Thos. Moser: Legacy in Wood was organized by the Institute of Contemporary Art at Maine College of Art & Design and curated by Guest Curator, Donna McNeil.

Thomas Moser: Legacy in Wood

July 22 - September 20, 2015

Connecting the past to the future through fine wood craftsmanship, Thos. Moser, Cabinetmakers is one of Americas finest furniture-making endeavors. This exhibit surveys their 44 years of engagement with wood: Thomas Moser’s struggle to find himself after being orphaned at eighteen, his learning through long-dead masters, his decision to leave a tenured teaching position to pursue furniture making full-time, and his aesthetic and entrepreneurial choices throughout life. At a time when artisans are searching for meaningful ways to engage with their work and their audience, which can afford them fiscal independence, Thomas Moser’s journey provides an example of devotion to artistry and craftsmanship that is uncompromisingly ethical while generating a livelihood for his family, a community of artisans and delivering to the world objects of great beauty and utility.

This Institute of Contemporary Art at Maine College of Art & Design retrospective is the first exhibition to examine the central importance of Thomas Moser to the world of fine furniture craftsmanship. The exhibition will illuminate Moser’s approach to this most democratic expression of artisanship, both formally and conceptually, through the objects themselves; comprehensive didactics illustrating origins, timeline, influences, aesthetics, his relationship to and respect for wood; and displays of tools and joinery as well as a beautiful accompanying catalogue.

The work included in the exhibition spans four decades; in many instances walking the viewer through the growth of a chair from early design iterations through several design changes or variations on a central theme, always returning to what Moser via Plato calls “ultimate chairness.” The driving aesthetic is reductive and includes the surety found through exposed joinery in chairs, tables, beds or desks fashioned to endure longer than the growth of the tree.

About Thomas Moser


Thomas Moser was born in 1935, the second of two boys, to Josef and Sabina Moser, European immigrants, in Chicago, Illinois. Orphaned at eighteen, Tom dropped out of high school and joined the Air Force which sent him to Greenland where there “was nothing worth guarding and no one to guard against.” Discharged into upstate New York, Tom, through his veteran status wrangled himself entry to the State University of New York at Geneseo, married his high school sweetheart Mary Wilson, and continued his education at the University of Michigan, Ann Arbor and obtained a PhD. He came to Maine to teach at the University of Maine in Orono and a year later transferred to Bates College in Lewiston, Maine as professor of rhetoric. Throughout his life Tom Moser had always been making things out of wood and after fifteen years decided to leave academia to devote himself to his true passion, woodworking. That was 44 years ago and the story of those years, the birth and growth of Thos. Moser Cabinetmakers, is told through this exhibition.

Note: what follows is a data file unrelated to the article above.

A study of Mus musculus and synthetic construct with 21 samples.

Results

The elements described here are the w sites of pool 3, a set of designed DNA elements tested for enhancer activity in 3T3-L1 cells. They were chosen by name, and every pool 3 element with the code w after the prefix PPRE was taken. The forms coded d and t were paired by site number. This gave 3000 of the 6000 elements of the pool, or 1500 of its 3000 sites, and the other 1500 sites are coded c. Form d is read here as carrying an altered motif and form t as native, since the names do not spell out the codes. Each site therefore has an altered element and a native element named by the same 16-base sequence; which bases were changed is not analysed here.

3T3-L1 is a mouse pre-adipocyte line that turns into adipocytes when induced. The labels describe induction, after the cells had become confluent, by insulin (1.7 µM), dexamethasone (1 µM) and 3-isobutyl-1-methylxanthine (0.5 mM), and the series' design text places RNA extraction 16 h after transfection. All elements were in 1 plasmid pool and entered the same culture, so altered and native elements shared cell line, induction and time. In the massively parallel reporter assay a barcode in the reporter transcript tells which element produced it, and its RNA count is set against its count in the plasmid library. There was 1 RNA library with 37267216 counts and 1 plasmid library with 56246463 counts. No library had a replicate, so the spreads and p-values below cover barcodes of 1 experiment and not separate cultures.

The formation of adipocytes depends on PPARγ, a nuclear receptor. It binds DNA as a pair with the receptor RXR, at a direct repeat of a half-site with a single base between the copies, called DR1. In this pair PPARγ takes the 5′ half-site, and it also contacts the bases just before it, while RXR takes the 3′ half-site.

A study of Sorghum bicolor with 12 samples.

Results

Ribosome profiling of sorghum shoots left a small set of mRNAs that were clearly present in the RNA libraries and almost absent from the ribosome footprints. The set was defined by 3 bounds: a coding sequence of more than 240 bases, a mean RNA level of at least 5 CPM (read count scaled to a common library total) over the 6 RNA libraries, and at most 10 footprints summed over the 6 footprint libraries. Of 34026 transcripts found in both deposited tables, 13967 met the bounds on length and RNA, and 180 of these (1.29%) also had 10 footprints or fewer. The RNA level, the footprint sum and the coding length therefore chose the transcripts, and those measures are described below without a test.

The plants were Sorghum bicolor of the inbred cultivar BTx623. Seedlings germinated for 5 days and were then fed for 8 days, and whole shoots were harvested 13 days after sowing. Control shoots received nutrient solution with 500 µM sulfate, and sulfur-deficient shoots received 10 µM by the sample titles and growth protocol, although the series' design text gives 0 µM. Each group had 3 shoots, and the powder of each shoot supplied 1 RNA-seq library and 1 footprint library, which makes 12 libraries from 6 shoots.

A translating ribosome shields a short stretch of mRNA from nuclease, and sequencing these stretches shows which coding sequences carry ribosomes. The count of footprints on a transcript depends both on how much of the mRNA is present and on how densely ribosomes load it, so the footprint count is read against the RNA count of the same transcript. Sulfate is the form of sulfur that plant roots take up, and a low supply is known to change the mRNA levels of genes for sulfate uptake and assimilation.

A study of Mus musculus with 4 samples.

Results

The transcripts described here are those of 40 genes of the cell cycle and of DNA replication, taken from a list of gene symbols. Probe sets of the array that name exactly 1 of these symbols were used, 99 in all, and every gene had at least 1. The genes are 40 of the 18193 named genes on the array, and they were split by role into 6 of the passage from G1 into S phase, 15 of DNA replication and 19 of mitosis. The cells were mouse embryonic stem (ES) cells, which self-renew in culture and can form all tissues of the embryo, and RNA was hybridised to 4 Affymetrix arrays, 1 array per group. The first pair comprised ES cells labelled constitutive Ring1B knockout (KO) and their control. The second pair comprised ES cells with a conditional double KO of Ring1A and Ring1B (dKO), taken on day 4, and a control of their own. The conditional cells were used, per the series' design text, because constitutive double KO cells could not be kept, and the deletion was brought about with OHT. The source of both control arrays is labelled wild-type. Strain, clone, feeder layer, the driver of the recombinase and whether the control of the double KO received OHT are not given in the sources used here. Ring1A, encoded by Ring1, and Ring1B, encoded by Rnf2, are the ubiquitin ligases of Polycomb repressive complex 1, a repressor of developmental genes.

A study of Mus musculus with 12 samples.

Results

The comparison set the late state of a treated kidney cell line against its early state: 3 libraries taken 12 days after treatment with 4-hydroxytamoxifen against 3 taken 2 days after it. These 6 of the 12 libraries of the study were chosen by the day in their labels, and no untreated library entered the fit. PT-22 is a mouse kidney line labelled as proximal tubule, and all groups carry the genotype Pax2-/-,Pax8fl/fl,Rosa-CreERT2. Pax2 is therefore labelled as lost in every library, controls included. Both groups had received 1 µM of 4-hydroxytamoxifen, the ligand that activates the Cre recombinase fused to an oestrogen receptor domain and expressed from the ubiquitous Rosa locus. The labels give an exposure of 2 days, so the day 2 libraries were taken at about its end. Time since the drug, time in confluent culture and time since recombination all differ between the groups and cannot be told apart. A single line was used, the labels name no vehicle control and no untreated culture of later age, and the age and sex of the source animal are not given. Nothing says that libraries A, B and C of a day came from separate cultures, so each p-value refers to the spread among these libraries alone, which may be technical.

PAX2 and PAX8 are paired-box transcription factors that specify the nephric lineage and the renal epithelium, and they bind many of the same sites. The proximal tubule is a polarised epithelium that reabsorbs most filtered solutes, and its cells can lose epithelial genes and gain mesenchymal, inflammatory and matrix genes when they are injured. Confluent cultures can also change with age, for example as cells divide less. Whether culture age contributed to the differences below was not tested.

Artist Statement
As I approach my 80th year people often ask, “Why are you still working?” It’s not really working. It’s more like breathing or eating — it’s what I do. There is truth in the aphorism ‘If you enjoy what you do you never work a day in your life.’ As I write this I’m building an edition of twelve six-foot sculptures of the US flag out of cherry, maple and walnut, designing a storage Ottoman inspired by a cartoon in the New Yorker and prototyping two chairs using flexible sprung steel to connect the lower to the upper unit. Do I do this for the money? For the publicity these things engender? Does the world really need another flexible wooden chair? No, no and no but it’s what gets me up in the morning. Remember, all meaning ultimately is invented.

We mounted this exhibit with two objectives: 1) share with others the joy we have known in crafting furnishings that will surely outlive all of us, and 2) offer to the student of craft a role model which demonstrates that our national system of enterprise is alive and well, and we all have the freedom to become all that we are capable of being.


The accompanying exhibition catalogue is a fully illustrated catalogue raisonne which includes a plate section containing a representative sampling of Moser’s oeuvre as well as personal historical photographs and images of process. The book and exhibition also contain a beautifully illustrated timeline, visualizing the objects and hallmarking events in the growth of Thos. Moser, Cabinetmakers. Essays are written by Thomas Moser with an opening statement by Mira Nakashima and additional essays by well respected woodworkers who apprenticed with Tom. Sampling essays include: Beginnings, Influences, Aesthetics, From the Forest, Technology and the Hand, A Community of Makers and Entrepreneurship.